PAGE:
Los Angeles — Learning from mistakes moves us forward in life. For W. Gregory Chernoff, M.D., a series of business mistakes in the early years of his cosmetic surgery practice resulted in a million-dollar personal loss.
Dr. Chernoff says he spent too much on advertising and promotion without a solid business plan or budget and he negotiated leases without experience. These problems were exacerbated by his loose control over staff and expenditures — which led to overspending on supplies.
"Wishing the problems away instead of reformulating a plan also contributed," he says.Dr. Chernoff not only recovered and learned from his mistakes; he helps others avoid similar blunders. He shared his experience at The Art of Business Building seminar here in January.
Increasing competition In an era in which clinicians outside the aesthetic industry embark on minimally invasive cosmetic surgeries, injectables, laser therapy and the like, cosmetic surgeons face strong competition to maintain patients and boost profits.
"For the most part, they have entered (the aesthetics industry) with a preconceived notion that it is similar to a slot machine. They think they will buy it or plug it in, and it will spit out a lot of money for them," says Dr. Chernoff, who has offices in Santa Rosa, Calif., and Indianapolis.
He said these outsiders, "do not appreciate the art of networking or the art of internal vs. external marketing. They do not understand the difference between public relations and marketing."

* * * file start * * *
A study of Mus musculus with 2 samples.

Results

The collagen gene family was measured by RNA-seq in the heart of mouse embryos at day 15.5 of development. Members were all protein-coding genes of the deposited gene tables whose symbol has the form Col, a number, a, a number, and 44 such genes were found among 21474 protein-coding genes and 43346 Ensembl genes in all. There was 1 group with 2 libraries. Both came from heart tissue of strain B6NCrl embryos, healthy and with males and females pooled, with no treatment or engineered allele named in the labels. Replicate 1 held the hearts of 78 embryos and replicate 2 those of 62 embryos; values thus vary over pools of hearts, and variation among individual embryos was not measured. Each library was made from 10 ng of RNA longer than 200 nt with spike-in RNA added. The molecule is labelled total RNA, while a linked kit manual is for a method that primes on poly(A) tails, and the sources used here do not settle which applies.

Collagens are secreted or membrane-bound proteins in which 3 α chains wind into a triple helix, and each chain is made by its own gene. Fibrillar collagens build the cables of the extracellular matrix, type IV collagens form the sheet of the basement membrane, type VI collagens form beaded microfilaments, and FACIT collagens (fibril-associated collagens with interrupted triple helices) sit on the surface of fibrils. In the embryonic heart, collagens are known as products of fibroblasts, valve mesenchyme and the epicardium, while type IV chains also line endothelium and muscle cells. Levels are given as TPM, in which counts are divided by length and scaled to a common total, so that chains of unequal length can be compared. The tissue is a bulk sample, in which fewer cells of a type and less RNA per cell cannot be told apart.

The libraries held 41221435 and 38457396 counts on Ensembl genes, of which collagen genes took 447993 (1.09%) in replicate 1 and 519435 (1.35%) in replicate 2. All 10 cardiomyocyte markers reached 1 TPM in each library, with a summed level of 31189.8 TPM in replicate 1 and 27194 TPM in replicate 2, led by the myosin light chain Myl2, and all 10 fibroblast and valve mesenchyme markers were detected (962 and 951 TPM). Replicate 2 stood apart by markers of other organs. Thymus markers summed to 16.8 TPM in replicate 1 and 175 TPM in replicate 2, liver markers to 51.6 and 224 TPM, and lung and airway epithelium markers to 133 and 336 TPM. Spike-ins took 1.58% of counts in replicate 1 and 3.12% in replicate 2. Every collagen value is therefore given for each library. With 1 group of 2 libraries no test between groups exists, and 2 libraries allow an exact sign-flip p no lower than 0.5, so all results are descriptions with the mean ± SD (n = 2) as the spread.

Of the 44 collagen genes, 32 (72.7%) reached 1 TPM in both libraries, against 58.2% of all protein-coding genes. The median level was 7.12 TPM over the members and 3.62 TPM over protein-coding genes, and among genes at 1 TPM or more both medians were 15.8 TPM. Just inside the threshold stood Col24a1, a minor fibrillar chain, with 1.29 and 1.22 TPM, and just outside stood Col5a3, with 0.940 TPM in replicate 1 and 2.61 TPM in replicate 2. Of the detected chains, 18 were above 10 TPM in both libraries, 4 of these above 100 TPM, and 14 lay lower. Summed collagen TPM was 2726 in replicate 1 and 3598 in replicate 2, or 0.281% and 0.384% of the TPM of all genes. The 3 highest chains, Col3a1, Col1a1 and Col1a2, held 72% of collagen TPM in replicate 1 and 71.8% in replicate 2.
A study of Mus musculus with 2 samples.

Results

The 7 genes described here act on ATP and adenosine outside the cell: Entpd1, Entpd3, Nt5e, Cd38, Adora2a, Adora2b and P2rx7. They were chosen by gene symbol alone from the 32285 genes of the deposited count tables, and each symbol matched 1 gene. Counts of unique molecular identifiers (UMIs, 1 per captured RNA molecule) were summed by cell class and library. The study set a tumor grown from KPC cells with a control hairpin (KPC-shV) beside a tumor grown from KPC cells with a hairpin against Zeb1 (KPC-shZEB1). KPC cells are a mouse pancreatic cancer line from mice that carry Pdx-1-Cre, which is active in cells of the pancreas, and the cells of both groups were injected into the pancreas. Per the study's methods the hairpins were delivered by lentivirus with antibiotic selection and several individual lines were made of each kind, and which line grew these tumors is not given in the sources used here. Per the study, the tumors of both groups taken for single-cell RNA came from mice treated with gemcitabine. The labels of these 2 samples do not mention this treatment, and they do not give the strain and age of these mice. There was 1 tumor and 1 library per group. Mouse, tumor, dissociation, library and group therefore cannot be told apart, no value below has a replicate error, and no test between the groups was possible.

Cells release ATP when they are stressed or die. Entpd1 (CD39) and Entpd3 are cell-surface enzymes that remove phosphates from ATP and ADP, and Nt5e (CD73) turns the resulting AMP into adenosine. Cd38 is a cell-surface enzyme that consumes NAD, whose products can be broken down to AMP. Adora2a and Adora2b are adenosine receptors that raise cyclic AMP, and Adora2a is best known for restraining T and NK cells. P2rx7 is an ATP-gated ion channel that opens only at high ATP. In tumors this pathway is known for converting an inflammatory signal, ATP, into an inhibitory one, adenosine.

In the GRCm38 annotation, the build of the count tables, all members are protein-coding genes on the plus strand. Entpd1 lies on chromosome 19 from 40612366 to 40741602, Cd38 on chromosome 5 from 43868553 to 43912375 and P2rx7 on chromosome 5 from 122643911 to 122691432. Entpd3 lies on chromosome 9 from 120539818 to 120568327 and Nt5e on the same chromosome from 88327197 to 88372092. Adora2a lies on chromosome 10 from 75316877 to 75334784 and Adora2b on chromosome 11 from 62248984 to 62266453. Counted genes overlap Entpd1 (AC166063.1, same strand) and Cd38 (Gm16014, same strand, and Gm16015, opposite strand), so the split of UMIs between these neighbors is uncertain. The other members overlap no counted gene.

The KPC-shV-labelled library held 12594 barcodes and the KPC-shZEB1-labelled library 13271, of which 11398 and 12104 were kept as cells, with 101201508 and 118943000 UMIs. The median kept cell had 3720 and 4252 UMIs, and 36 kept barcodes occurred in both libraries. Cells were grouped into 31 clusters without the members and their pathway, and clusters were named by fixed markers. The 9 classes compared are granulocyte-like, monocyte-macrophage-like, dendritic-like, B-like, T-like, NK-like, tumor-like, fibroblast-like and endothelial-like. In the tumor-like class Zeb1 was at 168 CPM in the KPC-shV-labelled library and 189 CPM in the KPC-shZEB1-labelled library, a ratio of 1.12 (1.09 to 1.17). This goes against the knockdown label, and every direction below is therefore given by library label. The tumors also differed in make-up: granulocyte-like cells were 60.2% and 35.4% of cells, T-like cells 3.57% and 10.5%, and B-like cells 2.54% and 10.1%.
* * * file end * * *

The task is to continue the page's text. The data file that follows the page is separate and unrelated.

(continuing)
Getting down to business To be successful, he says cosmetic surgeons must understand the "nuances of the business side of developing an aesthetic practice." Practicing medicine is a business, even though Dr. Chernoff says some physicians think it is a taboo subject to discuss.
"Doctors are not supposed to talk about business. They are supposed to just take good care of people," he explains. "Yes, we are here to help, but this is retail medicine. The people in Nordstrom's are not there to help shoppers. They are there to help them buy."
Dr. Chernoff says the medicine-business combination is a difficult one to master.
"The majority of doctors are not good business people," he says. "Doctors do not use the same methodical logic in making business decisions as they do in medicine. It is really their biggest downfall."
He often sees emotions take over for logical decision-making in the area of staffing. Ineffective employees can stay on the payroll for too long because the cosmetic surgeon finds them likable or does not want to hurt their feelings by terminating them.
Dr. Chernoff finds that an introspective self-evaluation is crucial to building upon one's strengths and getting help with one's weaknesses.
"Don't be afraid to ask for help. Many of us across the country are happy to help," he says. "My hesitation to get help was directly proportional to how long it took me to see how many zeros in debt were tallying up."
Why does Dr. Chernoff think cosmetic surgeons are reluctant to seek advice?
"They have not learned the importance of leaving egos on the coat hook before going into a scenario like business," he says.
"My life turned around the most when I finally accepted that I do what I do best in the exam room and the operating room. I needed to listen to people who knew better than I did about business, such as my accountant or my attorney," he recalls. "What a downward spiral (ego) can create — and how you can make an effective turnaround if you are willing to change."
Delegating responsibilities to others in the practice can be quite a challenge for surgeons who have not yet acknowledged a need for help. However, a surgeon cannot possibly run a successful, profitable practice if he or she does not let go of some duties.